One of the big factors that often puts people off when developing their properties is the issue of planning permission. This can often be a minefield and it’s worth working with a professional construction team who know the current rules and what is allowed and what isn’t.
There are certain things that are considered permitted development, which means you don’t have to spend time and money getting planning permission before you go ahead. Here we take a look at what this means and how it can affect any proposed extension or renovation.
What is a Permitted Development?
These are home developments that basically have immediate and automatic approval. For instance, if you were thinking of installing solar panels on your property, despite this being an external construction, it comes under permitted development (primarily because the government is trying to encourage greener energy choices in homeowners).
The first thing you need to know is that, if you have a flat or maisonette, there are no permitted developments – you will always need to apply for planning permission. Permitted developments are available on houses but it’s always important to check with your local council first as these can vary depending on location.
Permitted development rights cover a wide range of constructions even including small, single and double storey extensions, basement, garage and loft conversions. It can also cover changes of use and even demolition.
The big caveat, however, is that there are some areas where permitted development doesn’t apply, including installing verandas or balconies on your property. Planning rules and laws can change quite regularly and they also vary from location to location depending on individual councils, so it usually makes sense to check the lay of the land before you embark on any project.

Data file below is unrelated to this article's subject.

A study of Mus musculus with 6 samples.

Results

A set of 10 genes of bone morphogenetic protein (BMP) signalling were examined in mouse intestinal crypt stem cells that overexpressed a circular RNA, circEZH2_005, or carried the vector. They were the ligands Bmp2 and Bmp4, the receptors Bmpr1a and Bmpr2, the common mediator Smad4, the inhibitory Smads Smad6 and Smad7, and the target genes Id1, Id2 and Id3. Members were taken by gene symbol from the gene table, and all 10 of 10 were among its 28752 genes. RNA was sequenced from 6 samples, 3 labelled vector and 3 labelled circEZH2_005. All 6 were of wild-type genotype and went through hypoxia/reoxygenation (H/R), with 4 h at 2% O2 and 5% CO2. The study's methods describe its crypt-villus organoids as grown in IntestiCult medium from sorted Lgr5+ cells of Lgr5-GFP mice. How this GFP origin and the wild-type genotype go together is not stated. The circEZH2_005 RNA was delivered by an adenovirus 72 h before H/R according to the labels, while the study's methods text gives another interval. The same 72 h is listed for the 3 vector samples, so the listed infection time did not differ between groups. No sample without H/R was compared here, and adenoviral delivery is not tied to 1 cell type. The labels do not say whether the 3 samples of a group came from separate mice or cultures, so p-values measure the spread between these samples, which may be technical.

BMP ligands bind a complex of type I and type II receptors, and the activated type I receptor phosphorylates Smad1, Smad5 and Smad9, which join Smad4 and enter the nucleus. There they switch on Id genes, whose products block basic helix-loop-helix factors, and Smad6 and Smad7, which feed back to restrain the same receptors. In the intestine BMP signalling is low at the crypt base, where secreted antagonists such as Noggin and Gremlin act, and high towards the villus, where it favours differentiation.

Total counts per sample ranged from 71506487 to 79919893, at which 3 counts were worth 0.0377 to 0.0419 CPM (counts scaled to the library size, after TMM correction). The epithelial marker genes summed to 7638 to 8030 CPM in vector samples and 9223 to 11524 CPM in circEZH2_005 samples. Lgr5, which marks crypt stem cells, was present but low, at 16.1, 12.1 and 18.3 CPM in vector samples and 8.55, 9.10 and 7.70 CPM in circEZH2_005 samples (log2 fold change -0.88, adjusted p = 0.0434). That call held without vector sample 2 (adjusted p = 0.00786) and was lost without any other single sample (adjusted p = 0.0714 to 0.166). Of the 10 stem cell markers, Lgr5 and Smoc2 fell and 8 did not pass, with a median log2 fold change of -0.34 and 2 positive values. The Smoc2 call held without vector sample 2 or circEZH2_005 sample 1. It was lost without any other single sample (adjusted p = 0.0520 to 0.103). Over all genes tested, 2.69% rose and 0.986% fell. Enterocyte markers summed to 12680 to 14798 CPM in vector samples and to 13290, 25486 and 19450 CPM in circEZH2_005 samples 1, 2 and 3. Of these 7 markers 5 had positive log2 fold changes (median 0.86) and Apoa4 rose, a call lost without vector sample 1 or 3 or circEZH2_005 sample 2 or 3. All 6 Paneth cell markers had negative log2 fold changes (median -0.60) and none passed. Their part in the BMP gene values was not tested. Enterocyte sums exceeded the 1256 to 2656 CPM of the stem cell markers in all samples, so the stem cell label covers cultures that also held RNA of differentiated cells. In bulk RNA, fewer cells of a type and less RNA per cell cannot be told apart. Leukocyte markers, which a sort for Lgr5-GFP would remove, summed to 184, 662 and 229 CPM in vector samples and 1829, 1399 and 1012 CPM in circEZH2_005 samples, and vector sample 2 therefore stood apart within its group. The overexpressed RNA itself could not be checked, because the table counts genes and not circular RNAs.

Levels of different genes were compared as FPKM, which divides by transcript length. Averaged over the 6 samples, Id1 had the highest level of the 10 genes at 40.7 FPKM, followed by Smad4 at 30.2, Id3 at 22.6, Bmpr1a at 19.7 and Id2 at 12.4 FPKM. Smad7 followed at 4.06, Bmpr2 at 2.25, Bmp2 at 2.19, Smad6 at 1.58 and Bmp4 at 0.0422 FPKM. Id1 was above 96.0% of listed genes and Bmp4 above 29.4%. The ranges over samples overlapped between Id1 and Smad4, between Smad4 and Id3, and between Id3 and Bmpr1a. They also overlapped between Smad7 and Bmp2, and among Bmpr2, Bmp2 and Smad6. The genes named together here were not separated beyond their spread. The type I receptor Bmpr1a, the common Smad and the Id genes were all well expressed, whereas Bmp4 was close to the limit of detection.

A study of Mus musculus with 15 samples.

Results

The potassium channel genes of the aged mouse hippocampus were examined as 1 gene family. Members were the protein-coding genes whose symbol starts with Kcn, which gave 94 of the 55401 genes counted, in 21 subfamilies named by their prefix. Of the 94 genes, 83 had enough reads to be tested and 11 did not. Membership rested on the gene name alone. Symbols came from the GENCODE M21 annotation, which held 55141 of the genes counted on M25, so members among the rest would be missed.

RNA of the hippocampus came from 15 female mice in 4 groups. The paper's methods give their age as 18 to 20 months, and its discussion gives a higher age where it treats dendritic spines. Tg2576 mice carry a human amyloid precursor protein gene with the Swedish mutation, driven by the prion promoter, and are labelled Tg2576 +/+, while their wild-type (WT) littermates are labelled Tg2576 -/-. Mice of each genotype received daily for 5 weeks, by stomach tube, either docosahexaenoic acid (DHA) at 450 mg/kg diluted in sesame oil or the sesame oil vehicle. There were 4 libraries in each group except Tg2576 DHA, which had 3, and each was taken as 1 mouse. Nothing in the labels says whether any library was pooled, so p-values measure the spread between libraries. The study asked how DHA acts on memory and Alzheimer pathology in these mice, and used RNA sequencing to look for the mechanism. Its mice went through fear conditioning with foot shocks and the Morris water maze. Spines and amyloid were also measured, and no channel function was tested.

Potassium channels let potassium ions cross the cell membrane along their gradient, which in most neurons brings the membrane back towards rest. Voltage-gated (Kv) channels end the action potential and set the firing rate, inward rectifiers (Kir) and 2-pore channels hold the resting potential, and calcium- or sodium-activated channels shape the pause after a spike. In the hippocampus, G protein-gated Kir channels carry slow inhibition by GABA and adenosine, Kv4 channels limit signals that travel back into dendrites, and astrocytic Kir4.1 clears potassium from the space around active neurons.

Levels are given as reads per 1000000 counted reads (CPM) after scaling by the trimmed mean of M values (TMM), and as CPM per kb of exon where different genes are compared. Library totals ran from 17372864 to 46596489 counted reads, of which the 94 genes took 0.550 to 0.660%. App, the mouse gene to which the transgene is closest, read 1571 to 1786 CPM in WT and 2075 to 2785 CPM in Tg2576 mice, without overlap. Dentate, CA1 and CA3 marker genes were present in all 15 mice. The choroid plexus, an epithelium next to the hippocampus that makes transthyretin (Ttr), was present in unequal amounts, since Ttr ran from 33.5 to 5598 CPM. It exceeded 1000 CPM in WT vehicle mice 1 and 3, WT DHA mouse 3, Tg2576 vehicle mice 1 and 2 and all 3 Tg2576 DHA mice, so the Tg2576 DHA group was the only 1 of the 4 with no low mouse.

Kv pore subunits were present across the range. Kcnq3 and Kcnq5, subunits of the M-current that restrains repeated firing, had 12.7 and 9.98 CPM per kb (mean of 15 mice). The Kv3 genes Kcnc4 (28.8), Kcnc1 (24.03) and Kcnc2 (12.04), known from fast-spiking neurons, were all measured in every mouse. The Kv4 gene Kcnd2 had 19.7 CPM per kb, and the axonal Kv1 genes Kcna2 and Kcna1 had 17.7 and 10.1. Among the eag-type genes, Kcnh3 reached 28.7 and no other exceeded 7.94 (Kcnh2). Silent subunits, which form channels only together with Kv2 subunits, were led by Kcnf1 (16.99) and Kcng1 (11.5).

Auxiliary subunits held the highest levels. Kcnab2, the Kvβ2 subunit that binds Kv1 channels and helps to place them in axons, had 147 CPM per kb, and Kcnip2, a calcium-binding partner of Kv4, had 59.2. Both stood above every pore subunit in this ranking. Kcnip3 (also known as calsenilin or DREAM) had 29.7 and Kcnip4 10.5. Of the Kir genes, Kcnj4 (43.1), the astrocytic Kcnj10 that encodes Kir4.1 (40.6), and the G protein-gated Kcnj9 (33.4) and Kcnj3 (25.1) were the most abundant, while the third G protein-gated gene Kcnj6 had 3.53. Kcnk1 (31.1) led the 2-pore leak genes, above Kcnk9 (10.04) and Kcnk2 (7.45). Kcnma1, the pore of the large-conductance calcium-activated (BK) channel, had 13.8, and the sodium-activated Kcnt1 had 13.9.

Buildings of historical significance or regions of natural beauty or importance to conservation will almost certainly require planning permission, so if your property is very old or located in an area with character of acknowledged significance you may find that different rules apply regarding permitted development. A council can issue what is called an Article 4 direction if they feel that the character of the area in which you are intending to build is at risk, even if their general rules allow the work.
How to Check Permitted Development
One way of checking permitted development is through the government’s planning portal which provides a lot of information on what is allowed and what isn’t. You can also apply to your local council for planning permission through the portal.
While there might be permitted planning rights in place, you may well have to apply to the council first anyway, especially if there are obligations or regulations that you need to comply with.
The best way to make sure that you deal with any permitted development issues, and hopefully cut the administration cost of your build, is to work with a construction company that understands the regulations and knows what they are doing.
At MPK Lofts in Bristol, we have over 25 years’ experience delivering high-quality loft and garage conversions and extensions for domestic properties. We’ll help you navigate the often confusing area of planning permission, including confirming whether your project comes under permitted development rights and what to do next.
If you’d like to find out more, contact our expert team today to book a consultation.